Siemens, Germany's second-biggest company by market value, has decided to delist its shares from the London and Swiss stock exchanges owing to low trading volumes there.
The delisting from the London Stock Exchange (LSE) is expected to become effective early October 2014, while the SIX delisting is expected to become effective in January 2015 at the earliest, Siemens said in a statement.
Siemens CFO Ralf P Thomas said: "Following the delisting of Siemens ADS from the New York Stock Exchange in mid-May 2014 and the SEC deregistration in August, the delisting from the Swiss and London Stock Exchanges is the logical next step. The aim of the delistings reflects the change in investor behavior."
Siemens stock was trading 0.68% higher at 1357 CEST in Frankfurt.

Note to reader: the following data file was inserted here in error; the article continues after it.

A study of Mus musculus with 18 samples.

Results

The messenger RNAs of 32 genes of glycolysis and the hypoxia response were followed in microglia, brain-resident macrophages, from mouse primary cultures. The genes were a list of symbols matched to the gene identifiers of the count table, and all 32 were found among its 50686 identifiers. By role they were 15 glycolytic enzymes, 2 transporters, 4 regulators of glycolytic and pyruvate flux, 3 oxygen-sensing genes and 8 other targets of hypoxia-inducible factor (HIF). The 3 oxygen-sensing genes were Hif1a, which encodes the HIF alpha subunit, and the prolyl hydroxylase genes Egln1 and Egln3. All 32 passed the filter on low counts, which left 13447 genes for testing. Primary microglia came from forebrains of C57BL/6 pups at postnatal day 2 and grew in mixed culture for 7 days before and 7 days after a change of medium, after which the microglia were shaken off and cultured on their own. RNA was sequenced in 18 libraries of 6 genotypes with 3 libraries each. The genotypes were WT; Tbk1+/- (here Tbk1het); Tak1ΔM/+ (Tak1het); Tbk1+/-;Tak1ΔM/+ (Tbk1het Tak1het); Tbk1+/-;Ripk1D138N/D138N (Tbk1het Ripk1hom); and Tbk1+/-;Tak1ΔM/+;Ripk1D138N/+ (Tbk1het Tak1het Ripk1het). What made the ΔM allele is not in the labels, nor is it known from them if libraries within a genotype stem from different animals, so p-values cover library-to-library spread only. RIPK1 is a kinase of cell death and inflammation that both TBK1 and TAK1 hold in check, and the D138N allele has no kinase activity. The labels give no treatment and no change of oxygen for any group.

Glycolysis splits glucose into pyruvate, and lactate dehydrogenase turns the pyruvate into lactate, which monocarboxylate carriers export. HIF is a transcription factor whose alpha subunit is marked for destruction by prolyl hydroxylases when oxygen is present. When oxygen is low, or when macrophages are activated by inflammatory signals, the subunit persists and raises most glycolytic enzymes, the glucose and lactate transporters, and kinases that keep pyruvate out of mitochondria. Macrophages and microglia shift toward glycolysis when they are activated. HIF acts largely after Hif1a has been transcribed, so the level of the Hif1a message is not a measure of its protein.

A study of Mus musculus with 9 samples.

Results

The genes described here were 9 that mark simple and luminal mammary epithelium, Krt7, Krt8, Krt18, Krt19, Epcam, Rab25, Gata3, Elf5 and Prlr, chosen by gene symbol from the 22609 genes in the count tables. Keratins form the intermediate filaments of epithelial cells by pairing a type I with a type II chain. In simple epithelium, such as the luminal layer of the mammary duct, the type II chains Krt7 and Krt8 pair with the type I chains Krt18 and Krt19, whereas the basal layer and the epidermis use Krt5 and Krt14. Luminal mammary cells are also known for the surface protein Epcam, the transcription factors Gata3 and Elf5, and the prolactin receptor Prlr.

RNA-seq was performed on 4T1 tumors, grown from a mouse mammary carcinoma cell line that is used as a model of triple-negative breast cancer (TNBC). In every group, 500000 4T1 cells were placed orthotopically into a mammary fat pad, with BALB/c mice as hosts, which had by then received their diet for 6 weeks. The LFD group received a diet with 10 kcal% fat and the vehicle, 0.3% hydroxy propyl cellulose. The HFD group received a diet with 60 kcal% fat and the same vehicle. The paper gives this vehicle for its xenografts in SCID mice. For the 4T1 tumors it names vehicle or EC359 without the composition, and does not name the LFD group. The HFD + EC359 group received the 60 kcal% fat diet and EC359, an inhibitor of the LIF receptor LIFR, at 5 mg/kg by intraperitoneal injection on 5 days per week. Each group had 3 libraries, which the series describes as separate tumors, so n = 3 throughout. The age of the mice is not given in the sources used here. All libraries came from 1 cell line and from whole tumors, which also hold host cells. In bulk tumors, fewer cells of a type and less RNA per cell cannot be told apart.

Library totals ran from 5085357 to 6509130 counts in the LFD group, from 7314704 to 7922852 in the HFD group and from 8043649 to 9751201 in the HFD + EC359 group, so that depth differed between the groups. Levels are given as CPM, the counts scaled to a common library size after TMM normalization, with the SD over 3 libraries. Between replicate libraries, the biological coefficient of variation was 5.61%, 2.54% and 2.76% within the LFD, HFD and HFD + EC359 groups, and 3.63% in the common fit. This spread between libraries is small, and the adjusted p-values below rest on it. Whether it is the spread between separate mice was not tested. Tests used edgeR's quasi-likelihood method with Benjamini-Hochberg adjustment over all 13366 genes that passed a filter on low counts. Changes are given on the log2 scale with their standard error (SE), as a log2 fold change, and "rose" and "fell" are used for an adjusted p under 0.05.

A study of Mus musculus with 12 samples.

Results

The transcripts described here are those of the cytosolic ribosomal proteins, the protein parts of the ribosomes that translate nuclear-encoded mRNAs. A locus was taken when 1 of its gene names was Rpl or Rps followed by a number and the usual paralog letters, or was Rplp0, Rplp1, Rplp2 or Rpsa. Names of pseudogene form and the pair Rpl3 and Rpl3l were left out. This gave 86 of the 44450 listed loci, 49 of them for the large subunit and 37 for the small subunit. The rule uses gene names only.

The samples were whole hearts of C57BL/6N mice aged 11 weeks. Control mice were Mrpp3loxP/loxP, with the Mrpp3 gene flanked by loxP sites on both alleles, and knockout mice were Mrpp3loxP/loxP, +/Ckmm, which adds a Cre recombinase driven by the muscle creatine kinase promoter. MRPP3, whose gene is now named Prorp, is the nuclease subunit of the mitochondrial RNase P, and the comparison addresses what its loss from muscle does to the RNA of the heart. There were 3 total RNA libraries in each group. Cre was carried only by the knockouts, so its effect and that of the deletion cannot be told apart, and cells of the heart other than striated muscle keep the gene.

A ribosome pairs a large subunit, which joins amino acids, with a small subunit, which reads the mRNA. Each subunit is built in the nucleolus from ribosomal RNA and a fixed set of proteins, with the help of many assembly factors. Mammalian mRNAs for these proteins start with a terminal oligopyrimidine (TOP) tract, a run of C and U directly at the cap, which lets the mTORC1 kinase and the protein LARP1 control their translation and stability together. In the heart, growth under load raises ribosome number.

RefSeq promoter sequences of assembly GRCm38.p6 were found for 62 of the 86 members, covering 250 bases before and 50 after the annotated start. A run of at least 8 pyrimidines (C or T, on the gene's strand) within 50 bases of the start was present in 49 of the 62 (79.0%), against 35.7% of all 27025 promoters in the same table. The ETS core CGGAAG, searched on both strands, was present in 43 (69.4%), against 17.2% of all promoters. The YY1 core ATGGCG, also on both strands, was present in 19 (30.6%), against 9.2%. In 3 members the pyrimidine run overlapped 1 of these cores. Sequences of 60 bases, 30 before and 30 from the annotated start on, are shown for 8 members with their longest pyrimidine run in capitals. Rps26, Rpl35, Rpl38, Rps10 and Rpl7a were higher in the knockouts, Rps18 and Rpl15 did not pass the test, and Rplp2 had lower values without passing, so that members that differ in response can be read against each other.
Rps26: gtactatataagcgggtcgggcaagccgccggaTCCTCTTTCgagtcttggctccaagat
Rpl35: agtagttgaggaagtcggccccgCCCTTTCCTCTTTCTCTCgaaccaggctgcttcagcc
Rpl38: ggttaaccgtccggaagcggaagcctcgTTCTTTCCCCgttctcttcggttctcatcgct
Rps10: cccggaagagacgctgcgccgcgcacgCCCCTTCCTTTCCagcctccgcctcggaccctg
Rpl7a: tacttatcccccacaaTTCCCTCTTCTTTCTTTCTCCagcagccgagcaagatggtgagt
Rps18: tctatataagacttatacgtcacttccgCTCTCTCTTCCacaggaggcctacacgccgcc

Siemens reported upbeat fiscal third-quarter earnings on 31 July, beating expectations.
Income from continuing operations rose 27% to €1.4bn ($1.9bn) during the third-quarter, suggesting that a revamp at Europe's largest engineering firm was paying off.
Siemens decision to delist from the LSE follows a string of pullouts by Japanese firms. Japanese electronics giant Sony announced on 30 July it will delist its shares from the LSE. Rivals Toshiba, Fujitsu and mobile carrier NTT Docomo have all exited from the market, blaming poor investor appetite in London for their move.
Siemens's restructuring plan, dubbed 'Vision 2020', aims to raise cash by cutting back to nine core divisions. The group also aims to publicly list its hearing aid business.
The corporate overhaul at Siemens, announced in May 2014, aims to boost profits amid stiff competition from rivals such as General Electric and Philips.
In 2013, the trading volume of Siemens' shares in London was less than 3% while the trading volume on SIX was less than 1% of the global trading volume.